As a dietitian, people are often curious about my personal eating habits—worrying that they cannot eat treats or high fat foods around me or consider me to be “The Food Police.” However, dietitians aim to promote awareness, balance, and moderation in all things related to nutrition. The same philosophy applies during the holiday season. This is a special time of year that is full of food-centric gatherings, parties, and events, but it need not be embarked upon as an “all-or-nothing” marathon of deprivation or overdoing it.
I asked several dietitian colleagues at UW Medical Center if they’d share a few of their own tips for helping maintain a healthy lifestyle while still celebrating all the holiday season has to offer.
- Selective Indulgence. Liz Spiess, UWMC RD, suggests indulging in the things that make the holidays feel special to you, such as your mom’s apple pie, your grandfather’s eggnog, or cookies your children decorated. But avoid indulging in the foods that aren’t so special: the foods that we could enjoy year round such as cheese & crackers, buttery rolls, chocolate chip cookies.
- Be realistic. The holidays may not be the best time to embark on a weight loss plan. Aim for weight maintenance.
- Don’t skip meals. Arriving to a party on an empty stomach makes it very difficult to make smart choices once you arrive. Follow a regular eating schedule during the day or have a small snack beforehand to help curb your appetite.
- Choose wisely. Survey the offerings at the holiday buffet prior to loading up your plate. Choose your favorites, skip your least favorites, and include a generous portion of fruits and vegetables.
- Follow the 80/20 rule. Also known as “Hara hachi bu,” which roughly translates to “eat until you are eight parts (out of ten) full” in Japanese, this rule emerged from Confucian teaching and says that since our bodies need about 20 minutes for the brain to register, “You are now full,” we often overeat by at least 20%. Savor your favorite holiday treats in small portions and eat only until you are satisfied or feel about 80% full, but not stuffed. What does 80% full mean? Just eat until you no longer feel hungry, instead of eating until you are full.
- Make time for exercise. Exercise helps relieve holiday stress and prevent weight gain.
- Watch liquid calories. Alcohol can lessen inhibitions and induce overeating. Many other classic holiday non-alcoholic drinks (such as punch or egg nog) can also be loaded with calories and sugar.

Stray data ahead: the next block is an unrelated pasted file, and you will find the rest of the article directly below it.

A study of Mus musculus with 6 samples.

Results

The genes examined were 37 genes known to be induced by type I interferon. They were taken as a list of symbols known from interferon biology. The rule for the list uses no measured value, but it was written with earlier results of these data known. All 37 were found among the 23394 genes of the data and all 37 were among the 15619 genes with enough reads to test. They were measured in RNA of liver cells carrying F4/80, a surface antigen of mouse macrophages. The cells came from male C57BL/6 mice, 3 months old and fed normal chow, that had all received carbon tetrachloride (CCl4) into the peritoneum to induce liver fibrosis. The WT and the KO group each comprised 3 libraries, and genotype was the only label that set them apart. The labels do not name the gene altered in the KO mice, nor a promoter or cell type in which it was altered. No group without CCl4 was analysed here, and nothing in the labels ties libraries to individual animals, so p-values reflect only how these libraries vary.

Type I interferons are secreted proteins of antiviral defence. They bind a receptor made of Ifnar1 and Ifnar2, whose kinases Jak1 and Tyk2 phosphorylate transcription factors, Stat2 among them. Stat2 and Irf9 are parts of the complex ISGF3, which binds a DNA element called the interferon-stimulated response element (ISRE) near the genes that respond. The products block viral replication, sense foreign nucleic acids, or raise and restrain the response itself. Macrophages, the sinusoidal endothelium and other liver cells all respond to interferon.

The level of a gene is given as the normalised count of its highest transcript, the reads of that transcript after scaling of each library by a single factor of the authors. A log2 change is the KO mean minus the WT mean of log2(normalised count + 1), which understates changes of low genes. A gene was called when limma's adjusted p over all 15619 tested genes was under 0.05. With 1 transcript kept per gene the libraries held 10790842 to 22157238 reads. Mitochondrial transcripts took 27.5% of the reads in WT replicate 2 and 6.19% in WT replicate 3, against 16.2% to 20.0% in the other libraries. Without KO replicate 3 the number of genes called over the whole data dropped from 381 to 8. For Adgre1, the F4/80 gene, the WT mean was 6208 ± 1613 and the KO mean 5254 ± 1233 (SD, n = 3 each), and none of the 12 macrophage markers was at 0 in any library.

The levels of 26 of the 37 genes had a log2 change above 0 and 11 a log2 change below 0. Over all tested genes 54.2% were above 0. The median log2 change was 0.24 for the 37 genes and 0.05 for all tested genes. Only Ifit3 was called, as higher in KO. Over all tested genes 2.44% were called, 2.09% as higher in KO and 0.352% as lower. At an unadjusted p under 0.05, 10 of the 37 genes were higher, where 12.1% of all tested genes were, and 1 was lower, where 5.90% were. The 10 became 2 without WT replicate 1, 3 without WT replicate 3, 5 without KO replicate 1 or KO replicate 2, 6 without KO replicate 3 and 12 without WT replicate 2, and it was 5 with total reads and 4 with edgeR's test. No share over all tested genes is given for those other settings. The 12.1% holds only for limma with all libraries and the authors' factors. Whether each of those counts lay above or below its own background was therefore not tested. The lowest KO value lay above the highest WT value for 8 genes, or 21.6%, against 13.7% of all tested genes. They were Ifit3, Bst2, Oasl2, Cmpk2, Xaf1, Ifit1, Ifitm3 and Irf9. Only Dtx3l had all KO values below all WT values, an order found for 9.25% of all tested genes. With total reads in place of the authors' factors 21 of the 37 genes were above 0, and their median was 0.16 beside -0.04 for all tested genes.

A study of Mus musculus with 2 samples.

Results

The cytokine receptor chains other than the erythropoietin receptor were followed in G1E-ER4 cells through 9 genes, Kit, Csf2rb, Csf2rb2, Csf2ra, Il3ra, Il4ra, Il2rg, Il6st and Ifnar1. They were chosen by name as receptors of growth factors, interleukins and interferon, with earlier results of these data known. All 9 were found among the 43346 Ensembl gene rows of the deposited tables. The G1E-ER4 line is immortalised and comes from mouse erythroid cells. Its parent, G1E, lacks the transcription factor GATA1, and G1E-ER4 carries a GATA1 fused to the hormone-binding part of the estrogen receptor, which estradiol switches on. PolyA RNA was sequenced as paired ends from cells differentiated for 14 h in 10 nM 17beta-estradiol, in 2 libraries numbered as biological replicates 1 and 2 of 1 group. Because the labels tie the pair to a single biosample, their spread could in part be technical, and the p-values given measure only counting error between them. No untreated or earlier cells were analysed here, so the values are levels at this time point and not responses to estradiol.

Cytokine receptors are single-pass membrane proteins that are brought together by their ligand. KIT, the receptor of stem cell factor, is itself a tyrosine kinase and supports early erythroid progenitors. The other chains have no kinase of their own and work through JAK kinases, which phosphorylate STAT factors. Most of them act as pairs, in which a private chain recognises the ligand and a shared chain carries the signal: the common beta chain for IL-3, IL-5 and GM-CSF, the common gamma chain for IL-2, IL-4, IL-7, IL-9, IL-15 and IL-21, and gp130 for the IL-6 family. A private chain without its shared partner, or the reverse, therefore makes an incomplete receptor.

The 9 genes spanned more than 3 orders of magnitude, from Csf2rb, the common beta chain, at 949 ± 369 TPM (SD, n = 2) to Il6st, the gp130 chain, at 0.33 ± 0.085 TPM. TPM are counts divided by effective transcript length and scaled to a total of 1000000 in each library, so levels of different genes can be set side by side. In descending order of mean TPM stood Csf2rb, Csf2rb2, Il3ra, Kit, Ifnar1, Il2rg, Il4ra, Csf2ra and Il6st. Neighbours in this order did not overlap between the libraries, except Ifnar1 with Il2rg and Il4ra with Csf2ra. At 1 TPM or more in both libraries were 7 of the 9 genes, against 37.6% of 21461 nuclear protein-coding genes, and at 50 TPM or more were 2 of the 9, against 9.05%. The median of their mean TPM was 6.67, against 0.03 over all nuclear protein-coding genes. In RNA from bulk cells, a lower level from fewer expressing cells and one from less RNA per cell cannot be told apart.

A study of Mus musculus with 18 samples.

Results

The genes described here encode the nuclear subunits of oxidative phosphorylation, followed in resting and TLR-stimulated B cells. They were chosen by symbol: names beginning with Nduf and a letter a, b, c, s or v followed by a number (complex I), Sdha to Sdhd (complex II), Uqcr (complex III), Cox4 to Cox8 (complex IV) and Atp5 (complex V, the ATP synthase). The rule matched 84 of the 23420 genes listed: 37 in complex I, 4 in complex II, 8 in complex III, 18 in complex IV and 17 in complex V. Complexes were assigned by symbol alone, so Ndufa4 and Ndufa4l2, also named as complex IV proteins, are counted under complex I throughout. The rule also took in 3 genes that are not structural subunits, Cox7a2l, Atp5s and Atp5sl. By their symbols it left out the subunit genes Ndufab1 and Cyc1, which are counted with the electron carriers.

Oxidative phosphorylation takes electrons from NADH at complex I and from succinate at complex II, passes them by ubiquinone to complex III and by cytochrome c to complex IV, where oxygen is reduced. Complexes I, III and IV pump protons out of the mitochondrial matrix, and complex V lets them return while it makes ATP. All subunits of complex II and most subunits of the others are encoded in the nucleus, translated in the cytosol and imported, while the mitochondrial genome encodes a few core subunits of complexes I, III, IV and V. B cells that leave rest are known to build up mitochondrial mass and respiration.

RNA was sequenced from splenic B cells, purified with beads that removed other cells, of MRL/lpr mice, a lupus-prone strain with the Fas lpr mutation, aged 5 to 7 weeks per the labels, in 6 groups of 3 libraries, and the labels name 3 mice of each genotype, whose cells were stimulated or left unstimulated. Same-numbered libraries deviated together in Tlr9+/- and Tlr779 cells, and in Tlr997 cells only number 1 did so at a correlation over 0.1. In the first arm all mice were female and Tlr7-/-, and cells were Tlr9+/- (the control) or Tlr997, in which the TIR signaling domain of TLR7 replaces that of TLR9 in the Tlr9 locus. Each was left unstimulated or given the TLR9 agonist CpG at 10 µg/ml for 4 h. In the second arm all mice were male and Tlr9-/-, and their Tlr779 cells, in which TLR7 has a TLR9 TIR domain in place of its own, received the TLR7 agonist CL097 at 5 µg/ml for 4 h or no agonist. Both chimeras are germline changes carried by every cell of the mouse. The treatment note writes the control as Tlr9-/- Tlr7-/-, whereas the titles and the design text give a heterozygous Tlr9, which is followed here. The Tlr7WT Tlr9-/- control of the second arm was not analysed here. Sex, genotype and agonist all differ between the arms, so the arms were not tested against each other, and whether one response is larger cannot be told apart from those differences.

- Take the focus off food. Plan non-edible projects with your family, such as wreath making or a gingerbread house purely for the fun of designing one. Go on a walking tour of decorated homes. Move from the kitchen to the living room for a lively evening of games.
- Contribute a healthy dish. Concerned that some of your less health-conscious relatives won’t have anything light or healthy to eat? Bringing a healthy side dish is always a great option.
- Veggies! Eliza Lagerquist, UWMC RD, emphasizes tasty vegetable side dishes at the holiday table and offers the following favorite holiday recipe.
Brussel sprouts, apple and pomegranate salad
½ large red onion, diced small
2 tbsp red wine vinegar
2 teaspoons ground sumac
¼ teaspoon kosher salt, plus more to season salad
2 cups Brussels sprouts, shredded
½ cup fresh pomegranate seeds (from about ½ large pomegranate)
1 medium or ½ large apple, unpeeled, cored and diced (Granny Smith, Pink Lady or Honeycrisp work well)
Juice of half a lemon, plus more to taste
1 ½ to 2 tbsp honey, plus more to taste
¼ cup olive oil
¾ cup toasted walnuts or hazelnuts, lightly crushed or coarsely chopped
Ground chipotle chili pepper or hot smoked paprika, to taste
Make the sumac-pickled onions: Combine red onion, vinegar, sumac and 1/4 teaspoon kosher salt in a small dish and set aside while you prepare the other ingredients, or ideally at least 15 minutes.
Combine all salad ingredients, including red onions and their pickling liquid, in a medium bowl and season to taste with salt and red pepper. Taste and adjust ingredients as desired.
This salad can be prepped ahead, but do not dress prior to 1 hour before serving to keep the sprouts fresh and bright!
*Adapted from the Smitten Kitchen
Remember, the holiday season is a time to enjoy your friends and family. The holidays don’t have to mean weight gain or ignoring the healthy habits we work hard to implement all year long. Focus on a healthy balance of food, activity and fun, and don’t restrict yourself from enjoying your holiday favorites. Wishing you all a healthy Happy Holidays!
Kristine Carlson is a Registered Dietitian and Certified Nutrition Support Specialist who works with critically ill patients in the ICU setting at the University of Washington Medical Center. Outside of work, you will find her in the kitchen cooking up (mostly) healthy recipes, enjoying a hot yoga class, or hiking with her two dogs, Charlie and Zach.